Blog by Conny Lenneberg, Regional Leader for World Vision's Middle East and Eastern Europe region
The photo of Aylan, just three years old, lying on a Turkish beach, changed the world. It is a simply heartbreaking image, desolate, poignant.
Yet, there have been so many heartbreaking images of children, of the 'migrants' struggling to reach Europe, and even more images of the impact on children and families of the conflicts in Syria, Iraq, Afghanistan, which haven't moved people around the world in the way Aylan's story has.
What is it about this image that somehow has let people see, through this one story of tragic loss, the millions fleeing violence and conflict in Syria, in Iraq, in Afghanistan, Eritrea, Somalia?
Finally, people are seeing suffering humanity on their doorsteps, innocent children perishing, caught in the waves or crossfire, desperation rather than statistics, terrorists, military hardware and fighting.
A whole narrative is embedded in this one stark image of a dead baby on a beach. The fighting in Kobane, which has raged since late last year, the lack of hope which drives families to leave, the long and perilous journey towards Western Europe and safety... the threads of the story of so many millions of Syrians and others comes together in the image of the small, lost baby washed up by the waves far from home.
And we also now know how the story ends, full circle, with a father who tried to protect his family, returning home to Kobane to bury them - two young sons and his wife.
Will this tragedy stop others from leaving? I doubt it. I know it wouldn't stop my husband and me. When our children were born, a new ferocious love was born with them, a love compelled to do anything we needed to keep them safe. The power of this image is precisely in that ferocious love and protective instinct towards children it arouses in most, unfortunately not all, of us.
In the Syrian conflict it is estimated about 12,000 children are among the more than 230,000 people who have been killed. How many more children have been injured, have died of malnutrition, in their first few hours and days of life, of the cold or heat, or because there is no food, adequate shelter or health care?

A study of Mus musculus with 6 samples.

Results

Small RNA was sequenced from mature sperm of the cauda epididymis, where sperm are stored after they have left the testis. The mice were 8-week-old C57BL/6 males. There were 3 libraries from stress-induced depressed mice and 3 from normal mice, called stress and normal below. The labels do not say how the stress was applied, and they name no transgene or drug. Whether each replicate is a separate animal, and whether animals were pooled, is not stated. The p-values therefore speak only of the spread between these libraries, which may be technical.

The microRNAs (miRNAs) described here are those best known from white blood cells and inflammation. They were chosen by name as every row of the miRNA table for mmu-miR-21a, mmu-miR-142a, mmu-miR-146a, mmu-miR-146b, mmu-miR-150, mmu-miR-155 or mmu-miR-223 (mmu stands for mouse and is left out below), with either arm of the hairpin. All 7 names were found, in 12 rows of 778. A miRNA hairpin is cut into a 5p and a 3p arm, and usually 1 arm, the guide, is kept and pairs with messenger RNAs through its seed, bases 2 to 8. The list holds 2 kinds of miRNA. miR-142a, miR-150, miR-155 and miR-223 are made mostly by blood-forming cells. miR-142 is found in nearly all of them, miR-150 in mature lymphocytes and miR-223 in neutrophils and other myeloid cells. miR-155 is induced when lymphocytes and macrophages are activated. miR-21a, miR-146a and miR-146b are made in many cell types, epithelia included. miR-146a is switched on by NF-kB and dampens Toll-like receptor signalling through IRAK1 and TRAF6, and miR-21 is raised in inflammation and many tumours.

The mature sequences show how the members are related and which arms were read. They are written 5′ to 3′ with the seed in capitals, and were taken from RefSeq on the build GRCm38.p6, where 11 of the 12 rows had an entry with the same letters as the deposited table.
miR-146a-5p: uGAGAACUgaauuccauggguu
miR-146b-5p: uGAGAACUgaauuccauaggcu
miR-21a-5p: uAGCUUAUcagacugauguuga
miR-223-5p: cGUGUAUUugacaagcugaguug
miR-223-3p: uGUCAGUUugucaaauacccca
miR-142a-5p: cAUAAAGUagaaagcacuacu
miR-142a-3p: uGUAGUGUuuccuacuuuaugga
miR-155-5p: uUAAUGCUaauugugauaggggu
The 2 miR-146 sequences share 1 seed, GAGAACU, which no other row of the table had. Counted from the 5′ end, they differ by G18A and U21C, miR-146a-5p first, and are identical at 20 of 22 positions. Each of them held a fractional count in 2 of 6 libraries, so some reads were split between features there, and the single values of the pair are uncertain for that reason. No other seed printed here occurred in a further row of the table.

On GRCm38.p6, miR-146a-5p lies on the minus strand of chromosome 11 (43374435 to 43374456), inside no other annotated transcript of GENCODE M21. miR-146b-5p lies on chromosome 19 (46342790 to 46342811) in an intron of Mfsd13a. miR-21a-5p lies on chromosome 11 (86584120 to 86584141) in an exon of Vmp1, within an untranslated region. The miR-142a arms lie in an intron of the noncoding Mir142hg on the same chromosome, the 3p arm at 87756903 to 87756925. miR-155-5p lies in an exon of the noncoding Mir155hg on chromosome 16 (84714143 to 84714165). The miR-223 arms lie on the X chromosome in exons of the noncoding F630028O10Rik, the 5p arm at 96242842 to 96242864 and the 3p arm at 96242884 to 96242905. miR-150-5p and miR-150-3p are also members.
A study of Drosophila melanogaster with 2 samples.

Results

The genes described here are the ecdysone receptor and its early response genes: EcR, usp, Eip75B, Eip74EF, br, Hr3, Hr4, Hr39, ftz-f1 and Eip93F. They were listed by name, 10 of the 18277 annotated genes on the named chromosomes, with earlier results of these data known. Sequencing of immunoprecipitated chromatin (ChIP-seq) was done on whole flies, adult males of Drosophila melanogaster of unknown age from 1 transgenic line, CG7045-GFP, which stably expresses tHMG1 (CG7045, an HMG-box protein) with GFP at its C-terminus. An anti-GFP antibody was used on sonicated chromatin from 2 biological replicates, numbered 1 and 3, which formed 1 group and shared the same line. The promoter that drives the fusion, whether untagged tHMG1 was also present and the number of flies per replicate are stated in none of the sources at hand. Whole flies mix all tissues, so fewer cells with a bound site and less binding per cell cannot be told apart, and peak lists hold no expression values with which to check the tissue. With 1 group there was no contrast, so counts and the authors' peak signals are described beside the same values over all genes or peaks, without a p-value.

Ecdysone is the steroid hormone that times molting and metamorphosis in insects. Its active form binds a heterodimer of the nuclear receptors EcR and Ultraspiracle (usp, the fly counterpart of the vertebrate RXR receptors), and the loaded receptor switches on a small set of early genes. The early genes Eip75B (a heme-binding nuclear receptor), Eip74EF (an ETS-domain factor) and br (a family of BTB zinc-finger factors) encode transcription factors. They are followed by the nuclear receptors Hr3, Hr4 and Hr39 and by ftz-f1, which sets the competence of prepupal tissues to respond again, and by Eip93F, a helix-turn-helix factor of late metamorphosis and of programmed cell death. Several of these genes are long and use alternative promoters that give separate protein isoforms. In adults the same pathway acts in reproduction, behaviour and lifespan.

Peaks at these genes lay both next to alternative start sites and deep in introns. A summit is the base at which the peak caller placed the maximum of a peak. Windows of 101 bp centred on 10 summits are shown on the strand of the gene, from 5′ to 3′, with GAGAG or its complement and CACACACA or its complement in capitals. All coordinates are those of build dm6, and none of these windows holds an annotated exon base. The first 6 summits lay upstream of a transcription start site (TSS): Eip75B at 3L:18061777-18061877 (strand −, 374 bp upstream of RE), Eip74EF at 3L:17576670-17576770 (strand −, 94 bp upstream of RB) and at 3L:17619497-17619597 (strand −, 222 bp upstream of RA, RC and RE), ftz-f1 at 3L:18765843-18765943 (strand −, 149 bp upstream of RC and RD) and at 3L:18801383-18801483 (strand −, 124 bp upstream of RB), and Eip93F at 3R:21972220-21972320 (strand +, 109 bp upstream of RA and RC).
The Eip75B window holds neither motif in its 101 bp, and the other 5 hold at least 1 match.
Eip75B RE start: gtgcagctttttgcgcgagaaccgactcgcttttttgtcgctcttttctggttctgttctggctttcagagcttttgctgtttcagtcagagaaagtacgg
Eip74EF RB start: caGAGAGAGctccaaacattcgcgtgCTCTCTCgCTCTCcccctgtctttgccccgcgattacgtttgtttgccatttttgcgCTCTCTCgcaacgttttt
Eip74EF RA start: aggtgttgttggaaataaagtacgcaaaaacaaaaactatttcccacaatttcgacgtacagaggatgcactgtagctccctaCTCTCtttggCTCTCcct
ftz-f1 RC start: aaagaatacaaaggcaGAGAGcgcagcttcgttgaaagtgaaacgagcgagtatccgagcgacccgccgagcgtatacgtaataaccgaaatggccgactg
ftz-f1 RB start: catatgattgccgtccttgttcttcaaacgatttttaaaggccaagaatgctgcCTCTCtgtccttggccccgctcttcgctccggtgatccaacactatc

We know over 4 million Syrians have fled to neighboring countries over the past 4 years. And over 12 million are in desperate need inside Syria. There is no end in sight to the conflict and no real political solution seems to be under any kind of serious negotiation... no signs of hope at all. The conflict continues unabated, while funding for humanitarian assistance is diminishing rapidly.
Unable to find work, dependent on assistance, refugees in Lebanon and Jordan have had their food vouchers more than halved over recent months. Inside Syria the UN estimates some 4 million people are beyond the reach of any humanitarian assistance, in besieged communities and hard to reach places. In Yarmouk, a suburb just on the outskirts of Damascus, established for Palestinian refugees over 60 years ago, besieged for almost 2 years by both the government and recently IS, there are reports of children eating grass, and mothers dying every day in childbirth because of lack of medicines and medical assistance.
So, yes, it is important that Europe and other countries treat refugees with compassion and meet their obligations under international treaties.
Yet, however many more refugees receive asylum in the west, it only addresses the symptoms rather than the underlying causes of this crisis.
The deeper issue is not about how generous countries are in accepting refugees but how generous and consistent they are in trying to resolve these conflicts and providing sufficient funding for humanitarian assistance to those driven from their homes and livelihoods in search of safety for their children. Children like little Aylan and his brother Galip.